Religion continues to benefit from a privileged respect that generally obliges us to respect the beliefs of a theist. As one article I read today pointed out, we should differentiate between a respect for the right to have a belief in something from a respect of the belief itself. The latter is not an obligation, especially if the belief is at odds with your own beliefs.
Rarely though, is a Religious belief a simple, passive thing, like believing that the Earth is round. It is expression of Religious beliefs that are troubling. If we should allow the right to a belief, there are times when the activation and material manifestations of a belief should most definitely not be granted.
For example, belief in Islam, in principle, is fairly harmless. Koran principally promotes respect for others. But, like many Religions, the ancient scripts are open to interpretation, and the beliefs can become extremist, even against the basic tenets of the faith. This is still fine, as long as they remain beliefs, and are not activated.
But the Islamist belief that homosexual sex is wrong is activated as the death of the ‘guilty’ person(s).
This is an extreme example of the danger of activated beliefs, near one end of a spectrum, with minor impositions to join in a prayer of thanks for a meal illustrative of the other end.
Religion’s privileged position in many societies confuses what it means by the respect of beliefs. It not only expects you to respect a belief differing from your own, but to passively respect the activation of that belief, with all that that might entail.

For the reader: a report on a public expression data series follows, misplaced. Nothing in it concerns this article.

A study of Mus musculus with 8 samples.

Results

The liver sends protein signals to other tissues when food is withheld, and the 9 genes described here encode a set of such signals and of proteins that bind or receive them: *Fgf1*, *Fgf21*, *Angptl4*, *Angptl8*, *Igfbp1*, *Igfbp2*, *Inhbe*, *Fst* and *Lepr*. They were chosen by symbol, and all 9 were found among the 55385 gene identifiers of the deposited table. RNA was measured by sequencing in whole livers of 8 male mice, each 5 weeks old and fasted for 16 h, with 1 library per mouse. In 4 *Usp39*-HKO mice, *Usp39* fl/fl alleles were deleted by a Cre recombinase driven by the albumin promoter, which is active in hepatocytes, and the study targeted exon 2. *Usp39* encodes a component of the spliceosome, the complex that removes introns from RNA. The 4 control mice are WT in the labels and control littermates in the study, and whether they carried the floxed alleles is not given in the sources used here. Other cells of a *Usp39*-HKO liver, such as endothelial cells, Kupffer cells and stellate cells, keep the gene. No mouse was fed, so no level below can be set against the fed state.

Fortunately in Britain, the predominant religion is Christianity, which tends to avoid extreme flavours of activation.
But why should a set of beliefs not only be granted a universal protection and acceptance, but also the activation of those beliefs, almost regardless of the consequences, just because those beliefs are labelled religious?
Supposing I were to have a belief that anyone who failed to eat a meal had to resume that meal before any other were proffered to them. You might respect my right to hold such a belief. You are most likely to deem this belief an overreaction on my part. You would probably treat me as crazy if I were to activate this belief with my family.
But incoporate this belief into a religion, and my right in the belief, the belief itself, and its activation would somehow have to be ‘respected’.
There are sad cases where an American child can die of a treatable illness because the belief (that prayer is the only appropriate action to take) of the child’s parents is similarly treated with this excessive 3 levels of respect. Similar behaviour outside of religion would see the parents sectioned for mistreatment and/or man slaughter through inaction.
Is it not better to be pragmatic about the beliefs of people, and treat them in their own right, independant of religious contexts? The World would probably be a lot healthier for it.